State: Successful

Place: Mars

Operator: NASA



Mission Ending

Last Contact: MarCO-A: 4 January 2019 (2019-01-04) MarCO-B: 29 December 2018 (2018-12-29)


Rocket: Atlas V 401

Kind: NASA

Manufacturer: JPL

Mass: 13.5 kg (30 lb) each

Launch Site: Vandenberg Air Force Base SLC-3E


1º Flyby: Mars


Reference System: heliocentric


"The journey, not the arrival, matters; the voyage, not the landing." - Paul Theroux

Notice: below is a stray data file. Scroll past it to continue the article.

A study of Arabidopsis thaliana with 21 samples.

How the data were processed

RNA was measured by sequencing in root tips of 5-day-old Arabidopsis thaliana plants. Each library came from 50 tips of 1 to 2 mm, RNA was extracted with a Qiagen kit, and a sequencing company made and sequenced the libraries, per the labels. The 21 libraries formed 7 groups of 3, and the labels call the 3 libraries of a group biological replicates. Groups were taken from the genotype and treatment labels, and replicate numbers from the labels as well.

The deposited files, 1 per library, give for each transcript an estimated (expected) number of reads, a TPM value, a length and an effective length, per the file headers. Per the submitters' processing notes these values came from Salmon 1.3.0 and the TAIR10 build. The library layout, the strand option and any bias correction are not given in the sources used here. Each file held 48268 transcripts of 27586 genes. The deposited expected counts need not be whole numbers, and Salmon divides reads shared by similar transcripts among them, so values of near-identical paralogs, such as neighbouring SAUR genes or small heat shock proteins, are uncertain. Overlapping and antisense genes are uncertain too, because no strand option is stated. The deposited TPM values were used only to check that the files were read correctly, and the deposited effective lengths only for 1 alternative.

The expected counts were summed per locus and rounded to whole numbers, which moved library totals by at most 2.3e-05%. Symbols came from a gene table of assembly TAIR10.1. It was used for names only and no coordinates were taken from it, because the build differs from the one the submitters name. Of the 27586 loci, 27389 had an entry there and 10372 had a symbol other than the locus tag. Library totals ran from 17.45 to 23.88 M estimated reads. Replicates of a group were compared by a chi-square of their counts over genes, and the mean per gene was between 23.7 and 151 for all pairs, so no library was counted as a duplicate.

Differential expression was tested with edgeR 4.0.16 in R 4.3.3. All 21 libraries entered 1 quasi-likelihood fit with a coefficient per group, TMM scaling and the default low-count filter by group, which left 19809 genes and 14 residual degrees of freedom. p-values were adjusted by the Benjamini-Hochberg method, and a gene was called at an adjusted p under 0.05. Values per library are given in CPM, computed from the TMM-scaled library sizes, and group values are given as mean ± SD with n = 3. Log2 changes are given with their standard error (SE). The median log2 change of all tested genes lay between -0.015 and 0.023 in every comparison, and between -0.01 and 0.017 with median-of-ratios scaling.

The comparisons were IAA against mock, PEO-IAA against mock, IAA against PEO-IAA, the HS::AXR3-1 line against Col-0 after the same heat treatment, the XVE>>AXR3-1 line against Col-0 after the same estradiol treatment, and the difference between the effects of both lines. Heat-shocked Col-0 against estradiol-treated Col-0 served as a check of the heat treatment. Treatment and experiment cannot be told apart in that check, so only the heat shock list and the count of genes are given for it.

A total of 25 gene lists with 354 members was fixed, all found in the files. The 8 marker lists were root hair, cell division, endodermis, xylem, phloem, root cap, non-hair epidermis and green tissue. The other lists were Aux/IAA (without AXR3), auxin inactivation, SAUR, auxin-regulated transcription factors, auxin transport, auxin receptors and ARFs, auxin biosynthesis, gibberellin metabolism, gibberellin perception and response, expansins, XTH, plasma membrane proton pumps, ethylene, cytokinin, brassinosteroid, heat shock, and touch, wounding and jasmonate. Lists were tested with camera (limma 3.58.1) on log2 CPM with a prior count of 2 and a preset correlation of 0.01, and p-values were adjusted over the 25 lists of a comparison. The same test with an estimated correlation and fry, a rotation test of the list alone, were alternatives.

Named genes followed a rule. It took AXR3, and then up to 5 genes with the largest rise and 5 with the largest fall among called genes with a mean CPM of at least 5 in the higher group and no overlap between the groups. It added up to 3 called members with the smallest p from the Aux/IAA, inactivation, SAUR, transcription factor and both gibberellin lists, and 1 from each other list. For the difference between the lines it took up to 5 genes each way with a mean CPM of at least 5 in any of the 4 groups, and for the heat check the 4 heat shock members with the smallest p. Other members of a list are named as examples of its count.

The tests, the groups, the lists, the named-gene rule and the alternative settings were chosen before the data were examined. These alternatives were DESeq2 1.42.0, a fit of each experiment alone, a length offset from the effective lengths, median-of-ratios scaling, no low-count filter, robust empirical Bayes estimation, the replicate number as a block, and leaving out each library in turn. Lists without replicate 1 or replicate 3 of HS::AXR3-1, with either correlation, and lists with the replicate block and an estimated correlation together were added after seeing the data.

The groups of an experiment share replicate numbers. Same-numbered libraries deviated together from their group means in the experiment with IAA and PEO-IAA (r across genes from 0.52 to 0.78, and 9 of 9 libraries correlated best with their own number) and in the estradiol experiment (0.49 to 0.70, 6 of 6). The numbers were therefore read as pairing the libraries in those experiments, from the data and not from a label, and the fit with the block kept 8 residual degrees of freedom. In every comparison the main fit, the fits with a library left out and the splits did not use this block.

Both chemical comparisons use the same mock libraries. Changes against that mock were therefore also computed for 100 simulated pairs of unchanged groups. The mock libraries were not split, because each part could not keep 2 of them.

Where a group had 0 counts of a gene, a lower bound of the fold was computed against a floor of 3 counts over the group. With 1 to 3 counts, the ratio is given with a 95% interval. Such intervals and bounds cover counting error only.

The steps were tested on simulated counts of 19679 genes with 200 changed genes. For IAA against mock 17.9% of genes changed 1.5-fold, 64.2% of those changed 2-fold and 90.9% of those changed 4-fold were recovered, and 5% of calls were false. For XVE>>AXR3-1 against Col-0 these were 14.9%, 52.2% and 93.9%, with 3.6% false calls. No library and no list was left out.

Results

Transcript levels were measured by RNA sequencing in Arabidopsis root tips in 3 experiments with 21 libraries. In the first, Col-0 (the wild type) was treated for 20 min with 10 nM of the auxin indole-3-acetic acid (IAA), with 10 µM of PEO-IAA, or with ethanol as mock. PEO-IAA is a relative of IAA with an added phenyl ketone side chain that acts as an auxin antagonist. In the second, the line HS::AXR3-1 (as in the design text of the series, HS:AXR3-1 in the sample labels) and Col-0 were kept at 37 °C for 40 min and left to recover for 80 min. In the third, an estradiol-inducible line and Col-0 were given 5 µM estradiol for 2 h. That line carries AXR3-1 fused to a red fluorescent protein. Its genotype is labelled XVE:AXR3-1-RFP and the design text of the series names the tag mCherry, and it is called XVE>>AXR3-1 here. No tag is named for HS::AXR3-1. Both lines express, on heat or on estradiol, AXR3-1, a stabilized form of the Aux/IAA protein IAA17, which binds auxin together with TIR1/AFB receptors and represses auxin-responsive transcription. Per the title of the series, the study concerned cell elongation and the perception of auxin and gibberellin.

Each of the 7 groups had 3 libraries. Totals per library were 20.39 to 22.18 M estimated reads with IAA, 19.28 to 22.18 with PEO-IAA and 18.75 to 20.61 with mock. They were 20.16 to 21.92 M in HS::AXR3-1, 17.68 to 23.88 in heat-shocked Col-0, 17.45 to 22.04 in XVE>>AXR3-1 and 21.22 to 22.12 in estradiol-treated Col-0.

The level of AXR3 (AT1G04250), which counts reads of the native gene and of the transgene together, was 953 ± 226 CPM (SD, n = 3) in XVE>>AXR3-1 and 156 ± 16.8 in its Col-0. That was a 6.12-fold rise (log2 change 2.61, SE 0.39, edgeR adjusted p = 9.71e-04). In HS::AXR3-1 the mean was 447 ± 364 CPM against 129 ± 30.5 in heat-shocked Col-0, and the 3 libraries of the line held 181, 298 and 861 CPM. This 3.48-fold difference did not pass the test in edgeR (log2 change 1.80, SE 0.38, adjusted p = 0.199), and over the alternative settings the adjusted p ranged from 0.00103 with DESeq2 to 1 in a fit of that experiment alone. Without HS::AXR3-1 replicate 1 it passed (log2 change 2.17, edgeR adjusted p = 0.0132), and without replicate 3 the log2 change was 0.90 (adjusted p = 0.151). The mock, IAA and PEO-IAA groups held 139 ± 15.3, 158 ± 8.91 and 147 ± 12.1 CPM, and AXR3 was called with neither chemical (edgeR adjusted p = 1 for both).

Mars Cube One (or MarCO) was a Mars flyby mission launched on 5 May 2018 alongside NASA's InSight Mars lander mission. It consisted of two nanospacecraft, MarCO-A and MarCO-B, that provided a real-time communications link to Earth for InSight during its entry, descent, and landing (EDL) on 26 November 2018 - when InSight was out of line of sight from the Earth. Both spacecraft were 6U CubeSats, and the mission was a test of new miniaturized communications and navigation technologies. These were the first CubeSats to operate beyond Earth orbit, and aside from telecommunications they also tested CubeSats' endurance in deep space. On 5 February 2019, NASA reported that both the CubeSats had gone silent by 5 January 2019, and are unlikely to be heard from again. In August 2019, the CubeSats were honored for their role in the successful landing of the InSight lander on Mars. The InSight lander re-transmitted its telemetry data during the landing, which demonstrated the new relay system and technology for future use in missions to other Solar System bodies. This provided an alternative to the orbiters for relaying information and achieved a technology development threshold.